A Day in the Life Of a Beef Cattle Farmer

This is a “Day in the Life Of” account of our farm.

On June 29, we are moved yearling heifers out to summer pasture. What is a heifer? A heifer refers to female cattle that have never had a calf.

Our farm is a 5th generation family farm. My husband’s family homesteaded just a half-mile up the road from our house in 1901 and have lived in the area ever since. Our land was purchased by his great-grandfather in 1915 and the original homestead still is in the yard—although it’s uninhabitable—the artifacts remain.

This year we are a little late moving cattle out to summer pasture. This is due to a few factors…

  1. Last year was a drought year for us in north central Alberta and we had a dryer than usual winter and early spring. Rain for us didn’t come until May Long weekend and fortunately it hasn’t stopped since! We have delayed turn-out to allow the grass to grow up with some good moisture. This allows the grass to “de-stress,” put down good roots for the year, and grow. If we were to turn the cows out on the grass earlier, the grass may have still been in survival mode and stressed; not allowing us to keep our cattle out on pasture later in the fall.
  2. We had feed to use up. Last year, although it was a drought, the rains came later. These later rains landed right during haying season. To bale good hay, we need dry conditions to allow the hay to cure properly. Since it was raining, we made the decision to bag our hay turning it into haylage (fermented grass & alfalfa—similar to making pickles!). The haylage doesn’t keep well, so to keep from wasting it, we had to feed it all, and we just ran out this week!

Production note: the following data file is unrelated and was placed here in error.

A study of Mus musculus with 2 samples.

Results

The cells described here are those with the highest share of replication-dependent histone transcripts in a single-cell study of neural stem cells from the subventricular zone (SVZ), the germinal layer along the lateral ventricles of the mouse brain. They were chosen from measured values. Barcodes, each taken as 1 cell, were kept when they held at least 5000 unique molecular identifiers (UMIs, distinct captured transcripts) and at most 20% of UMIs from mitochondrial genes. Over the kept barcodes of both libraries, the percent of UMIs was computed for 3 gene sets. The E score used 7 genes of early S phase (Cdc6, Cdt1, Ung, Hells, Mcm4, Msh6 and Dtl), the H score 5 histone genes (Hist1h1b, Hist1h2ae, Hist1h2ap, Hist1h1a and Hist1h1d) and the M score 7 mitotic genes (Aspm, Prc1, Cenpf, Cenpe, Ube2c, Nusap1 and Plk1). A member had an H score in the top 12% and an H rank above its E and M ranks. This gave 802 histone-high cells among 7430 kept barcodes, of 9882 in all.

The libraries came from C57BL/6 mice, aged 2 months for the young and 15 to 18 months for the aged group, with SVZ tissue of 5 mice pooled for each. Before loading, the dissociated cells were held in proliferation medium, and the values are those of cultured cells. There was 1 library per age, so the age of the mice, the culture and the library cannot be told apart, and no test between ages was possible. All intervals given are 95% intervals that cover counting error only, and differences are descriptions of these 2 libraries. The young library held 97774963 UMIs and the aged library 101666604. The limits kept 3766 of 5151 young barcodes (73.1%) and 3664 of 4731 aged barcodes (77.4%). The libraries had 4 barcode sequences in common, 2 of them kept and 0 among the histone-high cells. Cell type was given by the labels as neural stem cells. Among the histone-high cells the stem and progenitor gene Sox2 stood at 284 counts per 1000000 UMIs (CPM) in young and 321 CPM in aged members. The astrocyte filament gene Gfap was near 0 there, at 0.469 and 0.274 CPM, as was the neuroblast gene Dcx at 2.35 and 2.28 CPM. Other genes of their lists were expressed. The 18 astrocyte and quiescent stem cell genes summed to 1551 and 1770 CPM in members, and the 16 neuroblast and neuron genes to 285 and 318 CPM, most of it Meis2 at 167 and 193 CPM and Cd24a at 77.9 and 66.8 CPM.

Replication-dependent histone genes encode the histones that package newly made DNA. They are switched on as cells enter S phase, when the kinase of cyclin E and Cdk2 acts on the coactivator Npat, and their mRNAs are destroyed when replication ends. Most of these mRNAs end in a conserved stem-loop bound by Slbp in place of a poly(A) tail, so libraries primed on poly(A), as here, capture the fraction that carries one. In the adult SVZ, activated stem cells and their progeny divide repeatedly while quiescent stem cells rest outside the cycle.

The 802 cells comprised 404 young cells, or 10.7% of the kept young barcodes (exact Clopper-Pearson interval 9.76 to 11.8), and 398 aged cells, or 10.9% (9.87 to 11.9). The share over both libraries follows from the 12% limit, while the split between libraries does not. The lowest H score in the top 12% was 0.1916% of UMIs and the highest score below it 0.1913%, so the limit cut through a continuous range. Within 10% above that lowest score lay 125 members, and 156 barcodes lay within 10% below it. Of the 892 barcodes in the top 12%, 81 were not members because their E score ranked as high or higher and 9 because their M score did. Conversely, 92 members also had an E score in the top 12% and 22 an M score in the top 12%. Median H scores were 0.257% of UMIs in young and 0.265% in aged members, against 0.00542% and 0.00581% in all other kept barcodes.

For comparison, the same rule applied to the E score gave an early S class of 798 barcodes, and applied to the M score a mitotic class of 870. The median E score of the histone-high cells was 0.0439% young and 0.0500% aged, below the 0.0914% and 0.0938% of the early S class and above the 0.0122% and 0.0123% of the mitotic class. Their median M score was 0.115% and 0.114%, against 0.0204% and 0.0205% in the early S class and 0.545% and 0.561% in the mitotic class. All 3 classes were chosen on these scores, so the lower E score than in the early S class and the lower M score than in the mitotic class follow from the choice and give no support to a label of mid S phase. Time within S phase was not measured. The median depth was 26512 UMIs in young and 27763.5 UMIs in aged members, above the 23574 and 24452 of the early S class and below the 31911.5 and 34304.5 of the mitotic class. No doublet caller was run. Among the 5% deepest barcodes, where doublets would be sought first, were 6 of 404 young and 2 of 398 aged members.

3. We had our third baby in April. I do most of the calving work on the farm, while my husband is busy preparing for and seeding the crop. Well, this year, I had added challenge of taking care of a newborn human, in addition to newborn calves. It seems like everything is delayed on the farm because I’m busy with our new little guy and not able to help as much as I’m used to.

Before we take the heifers out to pasture, we have to sort the heifers in to two groups. One group will go out to pasture, breed with a bull, become pregnant (hopefully!), have a calf next spring and join our cow herd. The other group will be sold as open (not pregnant) heifers.

After we sorted, and got our two groups, we loaded the group going out to pasture into a trailer and drove them to their summer pasture. We always trailer the cows out to summer pasture, rather than drive them out on horseback, because our area has a lot of crop fields, a few houses, and not many fences.

When the cows were unloaded on their summer pasture they are always happy. Kicking and bucking usually happens—and then they go off to graze!

Unloading heifers

About Jill Burkhardt

Jill Burkhardt, her husband, Kelly, and their two children, own and operate a mixed farm near Gwynne, Alberta. Originally hailing from Montana, she has a degree in Range Management from Montana State University. Jill’s agricultural passions are cattle and range management. She is a contributing writer for the Alberta Farmer Express. Jill also enjoys gardening, canning & quilting in her spare time.